The trial of Avraham Eisenberg, the individual accused of exploiting Mango Markets, has been delayed per request by his lawyers.
Initially scheduled for December 4, 2023, the trial has been rescheduled to April 8, 2024, according to court documents.
Eisenberg’s legal team requested the postponement after their client was unexpectedly transferred from a New Jersey prison to the Metropolitan Detention Center (MDC) in Brooklyn, where Sam Bankman-Fried has been held since his bail was revoked in August.
Eisenberg’s lawyers argued that they require additional time to prepare a defense due to the complex legal and factual issues surrounding the case, as well as the extensive volume of discovery provided by the government.
Prosecutors opposed the motion, contending that Eisenberg committed the alleged offenses alone, on a single day, through a specific set of financial transactions.
They further argued that the defense has had ample time to prepare for the trial.
As reported, the charges against Eisenberg were brought by the Department of Justice, the Securities and Exchange Commission (SEC), and the Commodity Futures Trading Commission (CFTC) in connection with his alleged $116 million exploit of Mango Markets.
Eisenberg previously claimed that his actions were part of a highly profitable trading strategy and believed that they were legal and within the framework of the protocol, even if the consequences were not fully anticipated by the development team.
If convicted of wire fraud, Eisenberg could face a maximum sentence of up to 20 years in prison.
Bankman-Fried Faces Decades in Prison
In another high-profile crypto-related case, Sam Bankman-Fried, the convicted founder of FTX, faces the prospect of spending decades in a federal prison.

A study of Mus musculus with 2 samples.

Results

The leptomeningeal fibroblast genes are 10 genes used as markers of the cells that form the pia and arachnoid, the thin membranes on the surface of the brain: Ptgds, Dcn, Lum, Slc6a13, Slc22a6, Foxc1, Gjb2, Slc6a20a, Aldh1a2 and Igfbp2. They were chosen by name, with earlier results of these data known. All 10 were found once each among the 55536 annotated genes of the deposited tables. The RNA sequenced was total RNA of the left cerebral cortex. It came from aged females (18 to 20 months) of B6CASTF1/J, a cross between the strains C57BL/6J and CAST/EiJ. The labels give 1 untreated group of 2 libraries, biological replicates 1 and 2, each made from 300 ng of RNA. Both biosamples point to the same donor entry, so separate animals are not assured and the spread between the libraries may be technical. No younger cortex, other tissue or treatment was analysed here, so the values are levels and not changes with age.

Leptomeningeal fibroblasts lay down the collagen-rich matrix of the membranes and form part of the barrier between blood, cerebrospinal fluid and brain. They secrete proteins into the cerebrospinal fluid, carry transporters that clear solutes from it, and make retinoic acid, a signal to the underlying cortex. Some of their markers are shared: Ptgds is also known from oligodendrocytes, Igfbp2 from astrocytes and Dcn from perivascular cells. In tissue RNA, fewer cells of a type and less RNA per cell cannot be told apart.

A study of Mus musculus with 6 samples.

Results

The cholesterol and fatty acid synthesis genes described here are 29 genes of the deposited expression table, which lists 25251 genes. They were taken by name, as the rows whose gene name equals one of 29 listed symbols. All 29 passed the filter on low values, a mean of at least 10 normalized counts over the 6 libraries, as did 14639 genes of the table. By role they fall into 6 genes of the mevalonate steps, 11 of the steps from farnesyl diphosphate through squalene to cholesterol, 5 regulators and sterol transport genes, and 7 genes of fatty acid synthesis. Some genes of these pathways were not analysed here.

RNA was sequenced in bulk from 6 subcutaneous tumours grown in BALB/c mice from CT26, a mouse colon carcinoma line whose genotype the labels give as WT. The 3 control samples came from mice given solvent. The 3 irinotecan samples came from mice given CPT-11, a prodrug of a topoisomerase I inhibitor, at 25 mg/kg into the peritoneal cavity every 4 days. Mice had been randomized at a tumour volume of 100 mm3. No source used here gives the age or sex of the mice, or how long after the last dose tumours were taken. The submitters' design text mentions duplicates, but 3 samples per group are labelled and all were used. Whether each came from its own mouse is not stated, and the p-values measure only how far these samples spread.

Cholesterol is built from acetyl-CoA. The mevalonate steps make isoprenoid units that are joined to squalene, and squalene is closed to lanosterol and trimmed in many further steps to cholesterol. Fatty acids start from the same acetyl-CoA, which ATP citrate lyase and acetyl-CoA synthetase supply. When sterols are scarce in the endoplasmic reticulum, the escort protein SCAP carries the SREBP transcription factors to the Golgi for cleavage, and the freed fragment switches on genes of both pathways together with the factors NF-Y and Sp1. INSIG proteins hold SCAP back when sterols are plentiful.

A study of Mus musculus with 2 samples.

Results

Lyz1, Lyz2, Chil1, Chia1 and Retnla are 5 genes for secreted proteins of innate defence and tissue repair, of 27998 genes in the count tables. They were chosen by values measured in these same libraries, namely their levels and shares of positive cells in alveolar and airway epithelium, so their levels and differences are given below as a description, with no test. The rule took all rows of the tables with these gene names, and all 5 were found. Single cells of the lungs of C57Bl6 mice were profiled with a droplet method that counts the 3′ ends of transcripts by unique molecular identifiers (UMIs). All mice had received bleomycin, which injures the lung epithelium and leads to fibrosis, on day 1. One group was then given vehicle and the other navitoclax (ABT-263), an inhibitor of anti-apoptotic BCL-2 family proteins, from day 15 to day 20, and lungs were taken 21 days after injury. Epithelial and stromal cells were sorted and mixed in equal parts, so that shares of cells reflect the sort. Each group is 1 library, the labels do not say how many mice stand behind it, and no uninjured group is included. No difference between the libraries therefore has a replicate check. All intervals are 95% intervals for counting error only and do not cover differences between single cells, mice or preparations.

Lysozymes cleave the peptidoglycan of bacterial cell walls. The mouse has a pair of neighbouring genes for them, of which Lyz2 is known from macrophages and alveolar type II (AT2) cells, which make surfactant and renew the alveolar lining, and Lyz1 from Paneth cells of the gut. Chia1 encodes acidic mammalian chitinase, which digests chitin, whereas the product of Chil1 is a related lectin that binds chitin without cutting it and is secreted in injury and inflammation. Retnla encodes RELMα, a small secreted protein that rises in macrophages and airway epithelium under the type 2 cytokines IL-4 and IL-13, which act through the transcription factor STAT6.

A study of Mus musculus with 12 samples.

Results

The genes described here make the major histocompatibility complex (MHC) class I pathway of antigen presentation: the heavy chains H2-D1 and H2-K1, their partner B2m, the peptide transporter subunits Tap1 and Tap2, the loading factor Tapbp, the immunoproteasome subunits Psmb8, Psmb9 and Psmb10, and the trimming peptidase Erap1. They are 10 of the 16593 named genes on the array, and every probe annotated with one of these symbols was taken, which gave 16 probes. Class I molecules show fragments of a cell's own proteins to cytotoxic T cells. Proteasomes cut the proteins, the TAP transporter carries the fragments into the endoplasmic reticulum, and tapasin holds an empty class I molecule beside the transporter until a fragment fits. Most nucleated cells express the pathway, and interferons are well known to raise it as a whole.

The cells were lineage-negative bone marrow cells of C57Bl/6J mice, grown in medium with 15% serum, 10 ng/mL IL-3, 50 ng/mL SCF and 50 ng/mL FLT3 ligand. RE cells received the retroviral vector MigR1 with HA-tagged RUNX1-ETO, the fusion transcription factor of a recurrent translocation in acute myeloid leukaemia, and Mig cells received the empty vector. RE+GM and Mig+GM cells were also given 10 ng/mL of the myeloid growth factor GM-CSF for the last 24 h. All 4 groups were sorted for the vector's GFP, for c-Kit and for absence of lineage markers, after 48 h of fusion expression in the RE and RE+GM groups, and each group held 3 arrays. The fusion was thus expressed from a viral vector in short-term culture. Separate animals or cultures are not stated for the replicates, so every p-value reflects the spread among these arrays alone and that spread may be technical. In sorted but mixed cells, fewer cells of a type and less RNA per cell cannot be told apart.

Last week, a jury found Bankman-Fried guilty of all criminal counts against him after the crypto boss’s monthlong trial wrapped up on Thursday.
The FTX founder, convicted of seven counts of fraud, conspiracy, and money laundering, faces a maximum sentence of 115 years in prison.
Meanwhile, Caroline Ellison, CEO of Alameda Research, Gary Wang, co-founder of FTX, and Nishad Singh, FTX engineering chief, are likely to receive little to no prison time for their cooperation, according to legal experts.
All three admitted to participating in fraudulent activities under Bankman-Fried’s direction, involving the transfer of billions of dollars in FTX customer funds to Alameda, a hedge fund mostly owned by Bankman-Fried.
However, they may still face other consequences. The government could demand the return of ill-gotten gains and order restitution payments to victims.
Given the government’s claim that FTX customers suffered losses in the billions, the financial burden on the three witnesses could be substantial.